Punjab Police have seized Rs. 5.4lakh in counterfeit currency and arrested West Bengal man in connection with the seizure, a police official said on Monday.
The high-quality counterfeits - which even carried watermarks, thread and security signs that are used to differentiate between real and fake currency notes - were seized following an intelligence input.
Talking to mediapersons on Monday, senior superintendent of police (SSP) HS Mann said the police suspected that the fake currency notes were meant for funding terrorist activities in Jammu and Kashmir.
Police have arrested Wes Abdul Mehmood, a resident of West Bengal, who was taking the counterfeit currency from Bangladesh to Kashmir via Kolkata, New Delhi, Haryana and Punjab. However, Mehmood's accomplice, Akram Hussain, managed to flee.
Police suspect the role of Pakistan's ISI in the smuggling of the counterfeits. “It's almost like real currency. All the water marks, thread and even security signs are printed,” the SSP said.
The seizure includes 410 currency notes of R1,000 and 300 notes of R500. The SSP said the notes seemed to have been printed using an ultramodern machine. “It cannot be bought by a small-time smuggler.”
The SSP said the police had alerted security and intelligence agencies about the development. During the preliminary investigation, the accused had reportedly said that he had purchased this currency at R30,000 for a bundle of Rs. 1 lakh in counterfeit currency. He allegedly used to charge R40,000 for delivering the currency.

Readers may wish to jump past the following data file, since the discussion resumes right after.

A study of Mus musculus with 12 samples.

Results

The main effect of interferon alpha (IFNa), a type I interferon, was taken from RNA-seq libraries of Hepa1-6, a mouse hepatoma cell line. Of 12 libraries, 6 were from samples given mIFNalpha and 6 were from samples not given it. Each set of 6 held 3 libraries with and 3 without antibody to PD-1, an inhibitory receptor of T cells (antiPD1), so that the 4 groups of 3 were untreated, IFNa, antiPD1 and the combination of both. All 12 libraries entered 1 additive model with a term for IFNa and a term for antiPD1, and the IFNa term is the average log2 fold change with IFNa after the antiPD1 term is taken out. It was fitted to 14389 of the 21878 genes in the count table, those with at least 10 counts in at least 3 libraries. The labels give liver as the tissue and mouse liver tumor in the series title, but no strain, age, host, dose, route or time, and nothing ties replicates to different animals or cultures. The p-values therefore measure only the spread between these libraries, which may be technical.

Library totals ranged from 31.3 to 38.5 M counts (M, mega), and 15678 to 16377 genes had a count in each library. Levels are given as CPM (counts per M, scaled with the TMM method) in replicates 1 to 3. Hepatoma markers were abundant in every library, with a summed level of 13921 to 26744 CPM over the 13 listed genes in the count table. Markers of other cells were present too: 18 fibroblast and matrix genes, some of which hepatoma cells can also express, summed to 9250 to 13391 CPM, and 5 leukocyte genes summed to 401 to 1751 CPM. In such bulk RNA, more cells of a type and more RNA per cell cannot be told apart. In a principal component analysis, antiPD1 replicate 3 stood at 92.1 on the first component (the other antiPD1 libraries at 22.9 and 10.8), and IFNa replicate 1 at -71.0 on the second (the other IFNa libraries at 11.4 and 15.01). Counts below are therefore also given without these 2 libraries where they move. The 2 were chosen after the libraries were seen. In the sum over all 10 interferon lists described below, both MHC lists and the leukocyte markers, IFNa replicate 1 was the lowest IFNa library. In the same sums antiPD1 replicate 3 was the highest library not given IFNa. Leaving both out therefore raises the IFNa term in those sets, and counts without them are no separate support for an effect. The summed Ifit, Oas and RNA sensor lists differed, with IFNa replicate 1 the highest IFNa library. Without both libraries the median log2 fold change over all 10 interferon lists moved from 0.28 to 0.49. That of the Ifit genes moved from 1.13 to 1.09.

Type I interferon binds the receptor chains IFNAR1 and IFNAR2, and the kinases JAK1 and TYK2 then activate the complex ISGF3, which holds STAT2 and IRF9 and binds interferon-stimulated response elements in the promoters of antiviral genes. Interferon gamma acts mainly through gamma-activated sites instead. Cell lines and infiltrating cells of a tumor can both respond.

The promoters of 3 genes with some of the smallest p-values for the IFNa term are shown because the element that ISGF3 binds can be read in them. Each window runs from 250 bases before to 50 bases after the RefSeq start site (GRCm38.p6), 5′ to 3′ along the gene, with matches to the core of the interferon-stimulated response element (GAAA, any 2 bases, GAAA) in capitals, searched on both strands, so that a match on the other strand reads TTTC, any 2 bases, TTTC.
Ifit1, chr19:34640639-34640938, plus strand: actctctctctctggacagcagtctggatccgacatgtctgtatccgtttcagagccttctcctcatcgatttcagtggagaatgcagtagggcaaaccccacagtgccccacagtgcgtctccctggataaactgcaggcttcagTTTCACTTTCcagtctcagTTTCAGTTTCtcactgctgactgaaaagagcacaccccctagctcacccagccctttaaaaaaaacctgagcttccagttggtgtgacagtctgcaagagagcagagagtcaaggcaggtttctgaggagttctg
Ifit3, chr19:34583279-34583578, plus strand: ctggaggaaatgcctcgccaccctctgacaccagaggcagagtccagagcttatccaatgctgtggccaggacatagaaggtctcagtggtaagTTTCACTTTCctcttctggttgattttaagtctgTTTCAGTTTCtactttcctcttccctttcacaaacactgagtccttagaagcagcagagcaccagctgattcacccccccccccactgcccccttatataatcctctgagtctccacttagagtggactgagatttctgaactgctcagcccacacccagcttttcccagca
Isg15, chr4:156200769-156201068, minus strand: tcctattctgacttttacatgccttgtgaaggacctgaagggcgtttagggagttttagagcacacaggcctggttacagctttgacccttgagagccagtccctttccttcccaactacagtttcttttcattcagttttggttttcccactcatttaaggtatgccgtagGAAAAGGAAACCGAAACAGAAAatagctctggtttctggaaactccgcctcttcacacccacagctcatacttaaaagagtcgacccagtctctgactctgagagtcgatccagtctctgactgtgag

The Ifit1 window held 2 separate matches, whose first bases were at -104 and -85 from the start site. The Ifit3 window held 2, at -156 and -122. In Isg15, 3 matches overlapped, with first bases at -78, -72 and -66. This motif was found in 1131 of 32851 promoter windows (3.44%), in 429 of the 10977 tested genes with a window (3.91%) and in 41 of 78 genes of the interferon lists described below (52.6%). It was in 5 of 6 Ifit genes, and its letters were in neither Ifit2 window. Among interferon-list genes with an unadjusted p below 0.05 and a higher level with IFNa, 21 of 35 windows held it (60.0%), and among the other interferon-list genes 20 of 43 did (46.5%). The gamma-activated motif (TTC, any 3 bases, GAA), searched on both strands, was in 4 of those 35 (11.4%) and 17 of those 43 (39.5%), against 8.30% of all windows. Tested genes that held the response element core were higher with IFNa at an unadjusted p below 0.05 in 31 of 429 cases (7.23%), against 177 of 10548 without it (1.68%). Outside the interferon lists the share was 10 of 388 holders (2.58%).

The SSP said a case had been registered at Shambu police station.
The counterfeit currency seized by police on Monday has a striking resemblance with real currency. The police said the watermark, RBI threat and security stamp on the notes seemed like that of an almost real note, indicating a hi-tech racket behind the counterfeit currency.
Police suspect that the notes had been printed in Pakistan and smuggled to India via the porous India-Bangladesh border. Police have alerted intelligence agencies and suspect Pakistan intelligence agency ISI's involvement in the racket.
For Kashmiri militants
The counterfeit currency seized on Monday was reportedly meant to be smuggled to Kashmir. Police suspect that the currency would have been used to fund militant activities in the strife-torn state.